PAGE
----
On Behalf of | Aug 15, 2022 | Education Law

The last couple of years have been taxing for kids’ mental health. The pandemic, isolation, online schooling and other issues have disrupted kids’ lives, their learning and their relationships. Now, over 40% of teenagers report struggling with persistent sadness or hopelessness.

Due to this “unprecedented mental health crisis” among young people, the federal government recently announced almost $300 million in grant programs meant to help schools recruit and hire more licensed mental health professionals.

According to data examined by the Pew Research Center, only 55% of American public schools even evaluate students’ mental health or offer diagnostic mental health assessments conducted by licensed mental health professionals.

Even fewer – 42% — of public K-12 schools in the U.S. offer mental health treatment, either in or out of school.

Those statistics have been getting slightly better. In the 2017-2018 school year, only 51% of public schools offered mental health assessments and only 38% offered treatment.

Which schools are more likely to offer mental health services?

The data indicate that kids are most likely to get mental health services at a larger, urban or suburban middle or high school.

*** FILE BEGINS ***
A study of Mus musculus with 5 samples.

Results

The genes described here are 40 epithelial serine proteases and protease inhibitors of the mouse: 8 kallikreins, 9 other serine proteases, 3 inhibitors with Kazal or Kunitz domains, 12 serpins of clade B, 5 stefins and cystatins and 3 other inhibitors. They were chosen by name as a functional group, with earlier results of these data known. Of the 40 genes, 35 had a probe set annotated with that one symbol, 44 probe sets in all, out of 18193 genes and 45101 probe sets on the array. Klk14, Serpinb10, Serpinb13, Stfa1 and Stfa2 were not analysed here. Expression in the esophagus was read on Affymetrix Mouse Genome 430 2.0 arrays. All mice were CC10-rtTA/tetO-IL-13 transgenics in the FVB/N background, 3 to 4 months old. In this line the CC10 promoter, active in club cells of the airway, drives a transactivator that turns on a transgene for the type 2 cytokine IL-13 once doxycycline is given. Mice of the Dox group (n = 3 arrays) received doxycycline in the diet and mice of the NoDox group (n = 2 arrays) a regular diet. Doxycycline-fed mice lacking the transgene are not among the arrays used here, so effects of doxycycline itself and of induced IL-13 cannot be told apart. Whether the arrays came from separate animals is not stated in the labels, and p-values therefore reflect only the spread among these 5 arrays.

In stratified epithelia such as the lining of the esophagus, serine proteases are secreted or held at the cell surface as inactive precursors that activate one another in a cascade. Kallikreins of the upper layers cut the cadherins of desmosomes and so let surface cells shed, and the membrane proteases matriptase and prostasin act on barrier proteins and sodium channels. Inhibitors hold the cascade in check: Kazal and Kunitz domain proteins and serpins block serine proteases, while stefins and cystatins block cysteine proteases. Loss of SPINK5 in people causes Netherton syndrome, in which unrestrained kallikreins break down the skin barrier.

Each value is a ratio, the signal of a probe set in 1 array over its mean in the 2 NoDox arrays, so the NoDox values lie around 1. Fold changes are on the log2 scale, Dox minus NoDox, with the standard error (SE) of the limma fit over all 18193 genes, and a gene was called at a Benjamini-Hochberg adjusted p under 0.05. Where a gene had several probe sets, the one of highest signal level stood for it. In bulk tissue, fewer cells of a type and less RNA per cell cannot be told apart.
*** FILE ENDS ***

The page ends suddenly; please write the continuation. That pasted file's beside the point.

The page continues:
For example, in the 2019-2020 school year:

  • Around 65% of middle and high schools offered assessments, while only half of elementary schools did.
  • 71% of schools with an enrollment of 1,000 or more students offered assessments, as opposed to only 43% of those with less than 300 students.
  • Around 60% of urban and suburban schools offered assessments, compared to 43% of rural schools.
  • In schools where 75% of the students were ethnic minorities, 60% offered assessments, compared to half of the schools were only 25% of the students or less were ethnic minorities.

What is limiting access now?

According to the Pew Research Center, educators responded to a survey asking what prevented them, if anything, from providing mental health assessments and treatment to students. The most common answers were:

  • Inadequate funding
  • Lack of access to enough licensed mental health professionals
  • Policy issues regarding payment
  • Potential legal issues
  • Concerns about parents’ reactions
  • Reluctance to “label” students and stigmatize them
  • Lack of community support

What does the law require?

If your child cannot access their education due to their mental health needs, you should request a Section 504 or IDEA eligibility assessment.

Leigh Law Group represents students in education law cases throughout California.